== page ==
Procrastinate Instant Gratification

A lot of times the reason it seems we are failing and things aren’t working when on our journey to achieve a goal is because we want it done yesterday. There is nothing wrong with wanting to achieve results fast and things can happen immediately.

A powerful concept I learned working with Tony Robbins is you must see things as they are not worse than they are. On the flip side you must see also see things not better than they are. The point is that we must develop the ability to see things clearly and be honest with ourselves with where we currently are in relation to where we want to be in achieving a result in life.

When we don’t do that we are setting ourselves up for failure in wanting the result complete now when sometimes it truly does just need more time. If my goal is to climb Mount Everest it would be insane for me to say I want to be at the peak of it tomorrow, next week, next month, or in the next 3 months. I’d be setting myself up for pain, frustration, and failure and keep feeding into that cycle.

This brings me to a a mental model by Charlie Munger called Overoptimism Tendency. Given that people tend to doubt themselves and beat themselves up in many cases, there is also a pattern where people have an excess of optimism about their ability when pain or the threat of pain is absent. A simple example of this is when you watch happy people buying lottery tickets.

So what do I mean by procrastinate instant gratification? It’s my concept of pushing off the things we want done yesterday into the future. Instead of wanting the goal done right now without giving yourself enough time to actually achieve it give yourself the proper amount of time to get it done.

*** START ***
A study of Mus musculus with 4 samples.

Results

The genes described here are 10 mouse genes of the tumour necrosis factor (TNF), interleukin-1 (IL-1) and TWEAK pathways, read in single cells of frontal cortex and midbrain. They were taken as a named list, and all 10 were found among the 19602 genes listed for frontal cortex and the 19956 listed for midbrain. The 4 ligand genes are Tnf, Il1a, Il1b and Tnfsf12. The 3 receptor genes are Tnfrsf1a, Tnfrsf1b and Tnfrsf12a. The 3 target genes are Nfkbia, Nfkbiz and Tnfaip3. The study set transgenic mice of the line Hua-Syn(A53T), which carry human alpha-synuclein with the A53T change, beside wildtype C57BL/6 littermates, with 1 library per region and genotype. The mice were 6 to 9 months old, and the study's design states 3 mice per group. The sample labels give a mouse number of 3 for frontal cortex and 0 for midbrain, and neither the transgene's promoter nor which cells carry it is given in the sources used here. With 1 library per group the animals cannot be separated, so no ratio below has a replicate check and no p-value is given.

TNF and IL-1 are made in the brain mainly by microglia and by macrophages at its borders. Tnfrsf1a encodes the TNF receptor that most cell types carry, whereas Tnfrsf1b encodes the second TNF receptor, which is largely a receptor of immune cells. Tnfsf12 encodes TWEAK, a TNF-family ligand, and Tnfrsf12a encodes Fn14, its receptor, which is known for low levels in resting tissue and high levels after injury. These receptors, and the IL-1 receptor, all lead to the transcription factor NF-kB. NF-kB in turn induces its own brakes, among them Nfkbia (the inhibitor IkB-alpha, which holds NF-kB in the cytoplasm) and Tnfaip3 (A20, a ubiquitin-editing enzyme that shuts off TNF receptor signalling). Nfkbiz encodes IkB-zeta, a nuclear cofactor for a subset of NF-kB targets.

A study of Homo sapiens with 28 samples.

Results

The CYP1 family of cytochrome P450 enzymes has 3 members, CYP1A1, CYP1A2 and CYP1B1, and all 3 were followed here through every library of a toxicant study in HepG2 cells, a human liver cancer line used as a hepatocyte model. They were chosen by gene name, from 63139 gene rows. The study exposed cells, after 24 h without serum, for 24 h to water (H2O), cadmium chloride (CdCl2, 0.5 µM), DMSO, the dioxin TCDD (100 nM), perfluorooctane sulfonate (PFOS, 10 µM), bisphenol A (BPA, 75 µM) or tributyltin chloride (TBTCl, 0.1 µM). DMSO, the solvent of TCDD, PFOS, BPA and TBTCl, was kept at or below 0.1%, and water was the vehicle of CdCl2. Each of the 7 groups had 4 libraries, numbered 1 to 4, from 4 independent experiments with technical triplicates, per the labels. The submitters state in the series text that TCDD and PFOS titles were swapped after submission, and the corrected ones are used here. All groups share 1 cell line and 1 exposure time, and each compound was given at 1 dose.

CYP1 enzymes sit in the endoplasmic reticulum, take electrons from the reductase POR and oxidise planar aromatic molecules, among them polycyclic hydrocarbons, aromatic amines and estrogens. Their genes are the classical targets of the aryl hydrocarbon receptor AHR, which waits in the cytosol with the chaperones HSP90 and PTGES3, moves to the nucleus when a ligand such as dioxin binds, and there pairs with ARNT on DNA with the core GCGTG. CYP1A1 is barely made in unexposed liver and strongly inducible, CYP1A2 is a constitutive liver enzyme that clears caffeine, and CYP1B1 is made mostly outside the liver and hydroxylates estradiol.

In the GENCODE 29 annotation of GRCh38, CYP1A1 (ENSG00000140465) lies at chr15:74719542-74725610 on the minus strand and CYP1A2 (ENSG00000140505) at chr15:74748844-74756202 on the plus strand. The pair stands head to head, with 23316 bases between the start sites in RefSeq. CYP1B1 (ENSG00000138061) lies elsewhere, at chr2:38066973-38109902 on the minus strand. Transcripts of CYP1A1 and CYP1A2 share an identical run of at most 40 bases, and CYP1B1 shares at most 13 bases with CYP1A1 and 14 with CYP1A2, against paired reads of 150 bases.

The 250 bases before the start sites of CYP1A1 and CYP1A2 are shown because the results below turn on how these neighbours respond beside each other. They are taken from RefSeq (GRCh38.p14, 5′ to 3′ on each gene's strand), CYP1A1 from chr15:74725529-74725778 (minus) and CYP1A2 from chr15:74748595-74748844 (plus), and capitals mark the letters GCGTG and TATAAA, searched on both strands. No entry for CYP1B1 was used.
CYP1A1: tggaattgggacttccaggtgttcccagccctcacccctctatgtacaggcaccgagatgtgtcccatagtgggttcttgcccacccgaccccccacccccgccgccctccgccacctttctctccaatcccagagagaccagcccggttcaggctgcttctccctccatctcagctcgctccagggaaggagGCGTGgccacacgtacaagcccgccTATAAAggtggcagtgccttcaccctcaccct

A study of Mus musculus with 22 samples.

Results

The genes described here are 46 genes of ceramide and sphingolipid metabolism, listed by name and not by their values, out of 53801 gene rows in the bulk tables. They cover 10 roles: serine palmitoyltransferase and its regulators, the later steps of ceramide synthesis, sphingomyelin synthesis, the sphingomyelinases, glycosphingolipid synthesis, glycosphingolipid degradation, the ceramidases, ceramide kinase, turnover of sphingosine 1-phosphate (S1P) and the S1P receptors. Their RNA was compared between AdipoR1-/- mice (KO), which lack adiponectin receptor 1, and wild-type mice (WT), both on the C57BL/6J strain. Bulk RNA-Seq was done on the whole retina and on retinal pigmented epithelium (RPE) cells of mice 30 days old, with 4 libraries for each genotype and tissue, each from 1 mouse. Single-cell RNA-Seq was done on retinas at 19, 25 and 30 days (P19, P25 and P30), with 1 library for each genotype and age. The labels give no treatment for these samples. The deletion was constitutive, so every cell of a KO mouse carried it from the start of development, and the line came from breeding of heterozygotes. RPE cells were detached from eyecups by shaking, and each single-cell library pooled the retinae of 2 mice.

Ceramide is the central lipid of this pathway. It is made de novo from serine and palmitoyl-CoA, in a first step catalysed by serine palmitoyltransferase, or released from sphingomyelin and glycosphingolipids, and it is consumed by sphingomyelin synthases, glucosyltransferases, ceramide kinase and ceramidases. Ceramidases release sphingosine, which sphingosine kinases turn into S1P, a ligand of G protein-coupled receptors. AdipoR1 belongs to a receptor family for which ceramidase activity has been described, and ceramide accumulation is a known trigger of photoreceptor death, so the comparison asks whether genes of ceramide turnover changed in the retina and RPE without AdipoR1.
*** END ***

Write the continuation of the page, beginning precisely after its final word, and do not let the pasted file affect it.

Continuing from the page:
I want to learn to play the guitar. In the past I’d keep setting goals to be great at it without enough time to put in the work to do it. Now I set it as a goal in a year and block out time for sessions with a guitar coach.

I also want to travel to many new countries like Colombia, Brazil, Costa Rica, and Argentina. Instead of hastily wanting to do it all at once or saying I can’t do it all so just don’t even bother, I schedule the trips out over the next quarters and years.

The magic is to use it when you feel the need to get everything done all at once. We all get that feeling of wanting instant gratification which is perpetuated in today’s culture with technology and social media because we have the privilege of having things done instantaneously in many cases.

It is a double edged-sword. If we don’t harness the power of it in a way that doesn’t get out of balance it can make us even less grateful and not realize the abundance we have. It is a concept called abundance scarcity. When you have so much you don’t even realize it because you are only focused on more which leads to a feeling of lack.

So use procrastination to your advantage. When you want something now, pause, take a breath, break the pattern and punt it out in time. Give yourself a break and appreciate what you’ve already got.